Although it is the largest neighbour of both Australia and New Zealand, relatively little is known in the local small business research community about the status and issues confronting micro and small-sized enterprises in Indonesia. There are more than 56 million micro, small and medium enterprises (MSME) operating in Indonesia. More than a million new firms commence trading each year, but the country continues to rank quite poorly on global comparisons about the ease of business formation. This paper discusses some of the attempts by government to reduce both the number and cost of registration steps in recent years, with a special focus on reforms in Jakarta. A key tool has been the development of so-called one-stop shops, with either a satu atap (one roof) or satu pintu (one door) approach. In a nation with highly devolved political and administrative structures, though, successfully implementing these reforms can be difficult.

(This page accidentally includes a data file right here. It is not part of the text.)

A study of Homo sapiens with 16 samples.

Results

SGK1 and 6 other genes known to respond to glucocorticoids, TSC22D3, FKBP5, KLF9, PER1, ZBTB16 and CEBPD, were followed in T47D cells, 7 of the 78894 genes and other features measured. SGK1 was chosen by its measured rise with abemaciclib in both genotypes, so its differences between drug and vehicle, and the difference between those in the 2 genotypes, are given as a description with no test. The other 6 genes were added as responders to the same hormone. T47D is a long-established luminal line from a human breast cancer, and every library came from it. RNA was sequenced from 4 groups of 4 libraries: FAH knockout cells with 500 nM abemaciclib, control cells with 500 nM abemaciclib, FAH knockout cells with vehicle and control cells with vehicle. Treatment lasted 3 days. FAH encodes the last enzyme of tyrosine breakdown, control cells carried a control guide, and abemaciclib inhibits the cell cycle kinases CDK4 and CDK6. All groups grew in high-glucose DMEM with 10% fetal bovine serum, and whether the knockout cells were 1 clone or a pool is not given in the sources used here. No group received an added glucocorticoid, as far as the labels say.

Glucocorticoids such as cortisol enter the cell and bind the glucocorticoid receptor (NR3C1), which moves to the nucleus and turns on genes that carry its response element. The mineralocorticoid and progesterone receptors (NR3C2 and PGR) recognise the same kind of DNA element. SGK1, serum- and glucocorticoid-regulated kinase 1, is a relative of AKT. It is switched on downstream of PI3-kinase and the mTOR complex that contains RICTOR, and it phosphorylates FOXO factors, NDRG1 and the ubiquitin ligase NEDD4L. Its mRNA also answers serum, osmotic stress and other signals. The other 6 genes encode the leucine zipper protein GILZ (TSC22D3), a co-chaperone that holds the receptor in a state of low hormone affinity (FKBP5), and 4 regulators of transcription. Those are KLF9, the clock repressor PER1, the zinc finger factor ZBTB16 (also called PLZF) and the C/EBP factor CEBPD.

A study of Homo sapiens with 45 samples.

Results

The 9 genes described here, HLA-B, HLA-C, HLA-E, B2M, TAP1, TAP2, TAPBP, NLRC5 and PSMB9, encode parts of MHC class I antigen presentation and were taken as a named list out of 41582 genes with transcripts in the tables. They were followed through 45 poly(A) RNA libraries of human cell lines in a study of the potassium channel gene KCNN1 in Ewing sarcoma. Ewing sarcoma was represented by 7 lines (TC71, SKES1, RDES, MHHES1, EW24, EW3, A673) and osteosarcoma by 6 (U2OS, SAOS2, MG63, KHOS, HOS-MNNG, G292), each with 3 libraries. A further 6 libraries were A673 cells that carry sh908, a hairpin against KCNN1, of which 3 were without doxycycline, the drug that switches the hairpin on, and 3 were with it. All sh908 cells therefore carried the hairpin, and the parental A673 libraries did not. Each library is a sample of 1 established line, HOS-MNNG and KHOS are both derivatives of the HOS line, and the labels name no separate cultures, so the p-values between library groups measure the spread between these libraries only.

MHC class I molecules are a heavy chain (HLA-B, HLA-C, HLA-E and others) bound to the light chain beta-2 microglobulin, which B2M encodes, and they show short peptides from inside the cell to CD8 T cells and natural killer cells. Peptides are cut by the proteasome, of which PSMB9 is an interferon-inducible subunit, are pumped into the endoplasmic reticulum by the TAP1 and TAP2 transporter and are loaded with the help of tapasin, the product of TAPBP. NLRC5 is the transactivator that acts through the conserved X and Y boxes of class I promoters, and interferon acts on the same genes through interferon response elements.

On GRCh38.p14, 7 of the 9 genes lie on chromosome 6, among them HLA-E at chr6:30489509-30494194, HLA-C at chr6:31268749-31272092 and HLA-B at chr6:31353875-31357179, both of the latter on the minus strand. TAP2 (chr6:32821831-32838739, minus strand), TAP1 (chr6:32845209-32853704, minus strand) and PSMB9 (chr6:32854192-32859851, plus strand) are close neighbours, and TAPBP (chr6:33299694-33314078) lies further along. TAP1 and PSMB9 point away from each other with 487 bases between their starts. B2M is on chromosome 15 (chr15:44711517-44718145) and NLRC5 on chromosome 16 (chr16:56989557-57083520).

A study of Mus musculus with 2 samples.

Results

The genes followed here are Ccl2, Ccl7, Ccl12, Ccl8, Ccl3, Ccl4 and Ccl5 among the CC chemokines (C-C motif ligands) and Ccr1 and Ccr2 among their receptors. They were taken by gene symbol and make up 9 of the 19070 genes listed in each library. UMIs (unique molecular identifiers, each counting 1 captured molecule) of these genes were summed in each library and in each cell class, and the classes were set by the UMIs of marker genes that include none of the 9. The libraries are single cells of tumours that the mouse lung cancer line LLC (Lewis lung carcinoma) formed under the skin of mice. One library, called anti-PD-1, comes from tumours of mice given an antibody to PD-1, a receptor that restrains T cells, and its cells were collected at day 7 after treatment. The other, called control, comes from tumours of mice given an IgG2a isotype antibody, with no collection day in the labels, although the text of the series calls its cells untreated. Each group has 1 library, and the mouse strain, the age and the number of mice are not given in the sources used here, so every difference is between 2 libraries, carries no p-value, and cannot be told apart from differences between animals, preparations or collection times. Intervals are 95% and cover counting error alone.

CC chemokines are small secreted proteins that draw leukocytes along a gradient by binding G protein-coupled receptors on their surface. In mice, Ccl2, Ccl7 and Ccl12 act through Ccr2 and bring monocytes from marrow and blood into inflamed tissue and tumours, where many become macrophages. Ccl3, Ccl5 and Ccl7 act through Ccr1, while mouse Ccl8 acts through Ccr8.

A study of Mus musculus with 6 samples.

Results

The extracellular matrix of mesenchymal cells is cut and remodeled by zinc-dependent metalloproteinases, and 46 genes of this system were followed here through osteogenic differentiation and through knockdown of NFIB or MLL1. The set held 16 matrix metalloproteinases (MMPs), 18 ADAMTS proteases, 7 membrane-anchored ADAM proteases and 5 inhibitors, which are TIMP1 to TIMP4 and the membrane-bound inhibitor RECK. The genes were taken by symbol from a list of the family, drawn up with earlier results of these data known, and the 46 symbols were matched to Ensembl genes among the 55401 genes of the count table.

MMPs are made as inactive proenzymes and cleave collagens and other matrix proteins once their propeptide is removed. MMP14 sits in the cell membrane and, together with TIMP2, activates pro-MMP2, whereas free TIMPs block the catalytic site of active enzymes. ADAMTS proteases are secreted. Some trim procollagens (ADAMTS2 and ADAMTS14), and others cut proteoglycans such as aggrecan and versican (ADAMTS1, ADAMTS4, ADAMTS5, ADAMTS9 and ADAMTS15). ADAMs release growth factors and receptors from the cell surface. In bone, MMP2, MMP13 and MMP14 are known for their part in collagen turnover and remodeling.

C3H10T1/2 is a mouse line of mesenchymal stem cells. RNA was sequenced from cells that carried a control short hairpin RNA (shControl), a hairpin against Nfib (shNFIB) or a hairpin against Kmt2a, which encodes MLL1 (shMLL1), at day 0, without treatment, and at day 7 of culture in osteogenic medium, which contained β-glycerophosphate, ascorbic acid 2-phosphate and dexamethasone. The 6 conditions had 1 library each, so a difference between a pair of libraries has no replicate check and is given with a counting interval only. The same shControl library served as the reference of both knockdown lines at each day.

|Title of host publication||27th Annual SEAANZ Conference Papers|
|Editors||Dr Bernice Kotey|
|Place of Publication||Australia|
|Publisher||Small Enterprise Association of Australia and New Zealand|
|Number of pages||14|
|Publication status||Published - 2014|
|Event||27th Annual SEAANZ Conference - Sydney, Sydney, Australia|
Duration: 16 Jul 2014 → 18 Jul 2014
|Conference||27th Annual SEAANZ Conference|
|Period||16/07/14 → 18/07/14|
SUTIYONO, W., & Schaper, M. (2014). Satu Atap or Satu Pintu? Small business start-ups, one-stop shops and regulatory reform in Indonesia. In D. B. Kotey (Ed.), 27th Annual SEAANZ Conference Papers (pp. 1-14). Small Enterprise Association of Australia and New Zealand.